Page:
In a day and age where pens are seldom put to paper and connecting with people is as easy and instantaneous as the click of a button, she writes. She prefers a book with pages that you can actually turn and the freshly printed words of the weekly news. From a very young age Audrey Zempel has enjoyed both writing and reading and throughout her life has fostered a deep appreciation for the power and the beauty of the written word. Which is why it’s a little surprising to learn that she was not fond of grade school penmanship class, “I really didn’t like that class…so once I reached 7th grade I started slanting my words the other way, to the left.” This little “slant” was the beginning of Audrey’s unique handwriting style. One she would continue to cultivate throughout her life. Interested in art and drawing it was a book she got her junior or senior year which showed how to do calligraphy that captivated her and helped her hone her creative handwriting skill.

But it wasn’t just beautiful handwriting she enjoyed, she loved writing. And so, it seemed a natural thing while reading a comic book to respond to an ad about “Pen-Pals.” She wrote in and got back a list of names and addresses. “I just thought it’d be fun to write to somebody else,” she said. And so began, from the age of thirteen, a journey which would span the decades and forge long-lasting friendships. “We would discuss the weather, and the things they did,” she said. They’ve experienced their teenage years on into adulthood, engagements, weddings, children, and grandchildren.

And, they’ve also experienced life in other parts of the country and world. Audrey had several “Pen-Pals,” “There was one that I didn’t know if it was a boy or girl because of the name and country…but when I wrote that I got engaged, I never heard from the person again…must have been a boy,” she says with a hint of laughter. But there were three with whom she would develop life-long relationships. Gwen Nash from North Carolina, Pat Byrn from Australia, and Joyce Ostler from England. She learned from Pat that while there are differences, “life in Australia is very much the same as ours here.” It was just this past December that Audrey received a letter from Pat’s daughter saying she had recently passed away.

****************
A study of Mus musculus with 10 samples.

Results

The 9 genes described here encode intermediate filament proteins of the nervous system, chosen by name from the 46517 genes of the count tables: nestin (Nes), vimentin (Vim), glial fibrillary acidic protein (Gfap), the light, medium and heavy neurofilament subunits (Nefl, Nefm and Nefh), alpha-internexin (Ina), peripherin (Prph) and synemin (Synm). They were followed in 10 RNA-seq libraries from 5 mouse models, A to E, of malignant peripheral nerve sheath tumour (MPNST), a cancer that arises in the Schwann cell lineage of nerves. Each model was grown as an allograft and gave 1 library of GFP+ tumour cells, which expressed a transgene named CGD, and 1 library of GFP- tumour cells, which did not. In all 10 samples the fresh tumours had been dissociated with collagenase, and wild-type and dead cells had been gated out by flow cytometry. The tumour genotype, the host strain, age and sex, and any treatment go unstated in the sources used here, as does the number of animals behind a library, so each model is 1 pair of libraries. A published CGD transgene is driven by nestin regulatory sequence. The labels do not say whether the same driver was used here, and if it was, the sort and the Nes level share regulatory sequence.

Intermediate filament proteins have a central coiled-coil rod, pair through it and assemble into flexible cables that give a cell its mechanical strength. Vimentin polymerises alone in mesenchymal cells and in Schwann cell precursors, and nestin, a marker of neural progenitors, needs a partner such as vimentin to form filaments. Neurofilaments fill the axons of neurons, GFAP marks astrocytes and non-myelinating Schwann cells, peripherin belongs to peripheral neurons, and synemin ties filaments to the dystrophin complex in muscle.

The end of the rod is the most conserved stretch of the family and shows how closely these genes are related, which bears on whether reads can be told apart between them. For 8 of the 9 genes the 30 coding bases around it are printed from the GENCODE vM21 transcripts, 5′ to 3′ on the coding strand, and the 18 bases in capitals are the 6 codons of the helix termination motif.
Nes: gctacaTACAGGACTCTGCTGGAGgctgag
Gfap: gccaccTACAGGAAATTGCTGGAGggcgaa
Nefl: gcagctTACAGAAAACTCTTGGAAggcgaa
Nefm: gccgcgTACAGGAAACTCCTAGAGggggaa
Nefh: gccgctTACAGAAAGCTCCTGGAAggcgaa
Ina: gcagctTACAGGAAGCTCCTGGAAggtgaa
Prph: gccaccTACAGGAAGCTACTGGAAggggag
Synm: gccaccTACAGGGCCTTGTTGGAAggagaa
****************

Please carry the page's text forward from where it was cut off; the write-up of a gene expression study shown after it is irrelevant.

Having never saved countless postcards, letters and other cards, looking back, there are things she wishes she would have kept. She and Joyce were penning letters through World War II, “she would send me pictures and news clippings of the buildings in east Yorkshire that were bombed by Germany.” “Joyce had a different life because of the War…most of the men her age were all killed in war, including her brother who was killed at Dunkirk.” When asked what happened to Joyce, “I never did find out what happened to Joyce, after 1989 I just didn’t hear from her anymore…she never married and didn’t have any kids.” Audrey, now eighty-eight, and Gwen, now eighty-five, still enjoy the occasional letter and birthday cards.

This friendship is one that has transcended paper, “for their twenty-fifth anniversary their kids gave them money to drive from North Carolina to Minnesota to see us.” Gwen and her husband David stayed with Audrey and her husband LeRoy for a week. “It was fun, Roy showed David where he would deer hunt…we went to a really good eating place by Luverne that was called the Blue Mound.” “We all recognized some of the differences between Minnesota and North Carolina when I reached down to pick some rhubarb in our garden and Joyce cringed saying she’d “never reach down” like that because of all the big bull snakes back home.” When asked what stands out most from decades of letter writing she says no matter where someone might be, “people really aren’t so different.” As with most things in life, it’s the seemingly insignificant moments or smallest things that really do have a way of creating a lasting impact.